The Abandoned Empress Volumes 1 and 2 Review
With webtoons becoming more and more popular in the West, publishing houses have started releasing print editions of them at a growing rate. Yen Press has even announced a new imprint, Ize Press, whose focus starting in the autumn will be on Korean webtoons.
The Abandoned Empress is one such title picked up by Yen Press. With two volumes already out, it takes its readers to a fantasy world reminiscent of the Victorian era, but where god is actually real.
The Castina Empire is about to crown its 34th emperor, Ruveliss Khamaludin Shana Castina, together with her majesty, the girl of the empire’s prophecy, Jieun. But Aristia la Monique was raised to believe that she was the child of the prophecy. The sudden appearance of Jieun from another world throws Aristia’s life plans and her love for the then crown prince, now emperor, out the window. She’s now merely a concubine with nothing left of her dream future so, stricken by grief, she accidentally harms the emperor, and she is sentenced to death for it.
However, the god of her world decides to turn back time and, to her disbelief, Aristia wakes up once again as a ten-year-old. Learning from the god that her previous life was actually a mistake, and that this new life is a chance to make it right, Aristia disavows the god and her fate in a plan to create her own path.
It’s too soon for Aristia to know that her life has already changed, thanks to the first steps she took once she awoke as a little girl. Not only her own life, but also the lives of the people closest to her will change—for good or bad, we don’t yet know, but I can’t wait to find out.
Lately webcomics have become my obsession, and when I heard of the release of this series, I couldn’t buy it fast enough. It has some of my favourite characteristics for a comic: a chance to change for the better (hopefully), and a weak heroine who has to find herself to show her strength and change her future.
Moreover, not only are the covers gorgeous, with illustrations of Aristia and other characters, but they also all have an element in common—foiling. Both covers, and the one for Volume 3 seems to follow the same pattern, have a similar background of delicate flowers highlighted by silver foiling, which makes it all sparkling under the light.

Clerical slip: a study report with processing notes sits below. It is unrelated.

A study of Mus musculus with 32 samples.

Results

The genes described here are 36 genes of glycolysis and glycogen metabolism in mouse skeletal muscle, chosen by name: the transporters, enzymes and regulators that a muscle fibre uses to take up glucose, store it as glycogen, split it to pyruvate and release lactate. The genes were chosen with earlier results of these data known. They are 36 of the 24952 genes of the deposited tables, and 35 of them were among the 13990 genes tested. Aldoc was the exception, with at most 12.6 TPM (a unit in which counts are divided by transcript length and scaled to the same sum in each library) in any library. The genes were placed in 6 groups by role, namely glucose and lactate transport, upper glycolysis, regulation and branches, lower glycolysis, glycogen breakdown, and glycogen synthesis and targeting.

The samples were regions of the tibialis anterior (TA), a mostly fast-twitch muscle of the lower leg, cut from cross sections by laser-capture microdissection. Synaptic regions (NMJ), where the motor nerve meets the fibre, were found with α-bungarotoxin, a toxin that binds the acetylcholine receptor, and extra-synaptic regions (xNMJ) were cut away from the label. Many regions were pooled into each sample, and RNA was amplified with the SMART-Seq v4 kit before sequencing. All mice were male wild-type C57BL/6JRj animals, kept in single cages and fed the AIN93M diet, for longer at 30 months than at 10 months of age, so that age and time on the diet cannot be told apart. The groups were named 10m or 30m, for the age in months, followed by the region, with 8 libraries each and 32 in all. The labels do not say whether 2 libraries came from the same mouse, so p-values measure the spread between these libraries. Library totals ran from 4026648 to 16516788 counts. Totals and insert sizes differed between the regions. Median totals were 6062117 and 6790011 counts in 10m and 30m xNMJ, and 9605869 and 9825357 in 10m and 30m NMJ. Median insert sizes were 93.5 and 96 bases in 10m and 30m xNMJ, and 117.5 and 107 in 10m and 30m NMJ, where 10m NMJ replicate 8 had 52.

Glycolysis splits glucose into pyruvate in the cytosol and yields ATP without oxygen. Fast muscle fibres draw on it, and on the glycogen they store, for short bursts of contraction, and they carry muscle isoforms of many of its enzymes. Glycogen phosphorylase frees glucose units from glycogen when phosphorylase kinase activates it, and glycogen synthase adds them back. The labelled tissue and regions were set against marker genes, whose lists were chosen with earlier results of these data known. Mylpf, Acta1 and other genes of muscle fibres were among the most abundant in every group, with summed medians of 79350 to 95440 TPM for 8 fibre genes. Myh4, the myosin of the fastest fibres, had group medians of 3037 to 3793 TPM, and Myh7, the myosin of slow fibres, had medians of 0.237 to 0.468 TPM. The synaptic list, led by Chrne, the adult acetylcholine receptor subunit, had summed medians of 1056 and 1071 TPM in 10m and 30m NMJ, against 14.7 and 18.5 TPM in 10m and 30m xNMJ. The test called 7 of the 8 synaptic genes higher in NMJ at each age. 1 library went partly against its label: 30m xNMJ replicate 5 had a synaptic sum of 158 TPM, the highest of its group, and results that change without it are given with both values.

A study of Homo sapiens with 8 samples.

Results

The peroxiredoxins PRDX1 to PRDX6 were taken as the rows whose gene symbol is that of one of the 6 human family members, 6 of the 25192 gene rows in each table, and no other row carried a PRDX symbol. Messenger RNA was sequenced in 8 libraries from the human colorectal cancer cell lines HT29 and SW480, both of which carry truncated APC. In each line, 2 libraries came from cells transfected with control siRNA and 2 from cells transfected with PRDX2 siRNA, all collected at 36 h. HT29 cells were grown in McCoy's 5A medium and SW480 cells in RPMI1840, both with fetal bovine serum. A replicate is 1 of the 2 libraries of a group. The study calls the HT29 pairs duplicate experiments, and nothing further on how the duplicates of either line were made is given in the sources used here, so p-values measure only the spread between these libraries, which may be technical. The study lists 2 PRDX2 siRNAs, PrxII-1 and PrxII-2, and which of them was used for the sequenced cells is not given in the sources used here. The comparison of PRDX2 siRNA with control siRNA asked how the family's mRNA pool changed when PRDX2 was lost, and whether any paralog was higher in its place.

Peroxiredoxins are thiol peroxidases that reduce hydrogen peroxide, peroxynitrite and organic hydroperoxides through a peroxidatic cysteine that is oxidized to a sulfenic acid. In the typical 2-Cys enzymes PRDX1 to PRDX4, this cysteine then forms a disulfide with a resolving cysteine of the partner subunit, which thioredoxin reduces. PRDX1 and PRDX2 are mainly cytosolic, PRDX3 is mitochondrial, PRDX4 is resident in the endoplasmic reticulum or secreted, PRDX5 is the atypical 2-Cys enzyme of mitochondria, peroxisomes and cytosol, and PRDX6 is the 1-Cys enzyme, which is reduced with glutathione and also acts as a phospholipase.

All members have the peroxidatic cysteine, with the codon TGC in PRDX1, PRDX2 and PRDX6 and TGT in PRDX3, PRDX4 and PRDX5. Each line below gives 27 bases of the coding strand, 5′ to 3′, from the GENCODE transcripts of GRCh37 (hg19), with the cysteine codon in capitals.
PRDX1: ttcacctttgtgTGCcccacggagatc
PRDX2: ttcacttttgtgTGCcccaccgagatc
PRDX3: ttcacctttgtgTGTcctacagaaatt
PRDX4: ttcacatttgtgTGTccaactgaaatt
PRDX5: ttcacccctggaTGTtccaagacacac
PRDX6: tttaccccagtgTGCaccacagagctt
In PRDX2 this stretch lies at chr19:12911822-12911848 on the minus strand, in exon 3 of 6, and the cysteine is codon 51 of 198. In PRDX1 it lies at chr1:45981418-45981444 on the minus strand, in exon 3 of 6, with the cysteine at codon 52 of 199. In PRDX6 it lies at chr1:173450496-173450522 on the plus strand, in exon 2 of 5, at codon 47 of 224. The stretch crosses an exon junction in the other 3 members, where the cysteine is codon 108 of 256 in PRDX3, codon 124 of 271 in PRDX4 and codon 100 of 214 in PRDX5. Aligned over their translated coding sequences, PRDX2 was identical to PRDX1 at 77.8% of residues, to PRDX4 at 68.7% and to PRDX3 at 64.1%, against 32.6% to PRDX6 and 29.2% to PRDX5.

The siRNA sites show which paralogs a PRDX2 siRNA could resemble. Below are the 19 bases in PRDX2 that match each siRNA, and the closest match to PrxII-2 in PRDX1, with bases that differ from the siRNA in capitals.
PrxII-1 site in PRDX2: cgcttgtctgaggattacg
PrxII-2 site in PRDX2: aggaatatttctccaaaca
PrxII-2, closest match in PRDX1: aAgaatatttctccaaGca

And if that isn’t enough, the author and the publisher treat us to a nice surprise as soon as we open the volumes: we have a special full-colour illustration to admire before we delve deep into the story.
While the covers and illustrations are definitely 10/10, I’m not as satisfied with the story as I would have expected. We start with Aristia as a grown-up who gets screwed over by a god, and so her life is miserable. The man she was told she would marry had to be given up when the real girl from the prophecy comes to claim him, giving this series a slightly isekai vibe.
The author portrays her as a weak character, and I didn’t like her much at the beginning. I actually thought she was pretty annoying. Why wouldn’t she leave to find a better life somewhere else? Why would she accept the abuse? I still cannot wrap my mind around it. I started liking her when she gets another chance at life. She comes to realise her mistake in hoping for a love that could never happen, and soon she’s ready to take her destiny into her own hands. And I’m all here for that.
What I’m not here for is how she gets treated. She grows closer to her father and the people in her estate, and that’s for the better, but the emperor is weird and dislikeable. He asks a ten-year-old to give an opinion on the state’s affairs, and her idea turns into a policy. Thankfully, Aristia can count on what she knows of the future, but it seems like the emperor will keep testing her, for quite a few volumes. Moreover, the crown prince hates her, as he’s envious of her success. But the two of them can’t break their betrothal—yet. There is a lot of politics going on, giving hints of more mysteries to come but not revealing much solid information.
Some scenes in Volume 2 are also pretty confusing, as the story moves from the present to the past, and back again. It’s not clear at what point in the past the story then returns back to the present, leaving its readers a little bit baffled.
It’s not a bad series by any means, and I have every intention to continue it. I want to see Aristia grow and become stronger, so that she can finally have a say in her life and do what’s best for her, prophecy be damned. I want to see her new life develop as she wishes and turn her into a strong, independent woman.
The Abandoned Empress was written by Yuna, translated into English by David Odell and published by Yen Press. Volume 3 is scheduled to be released in September 2022.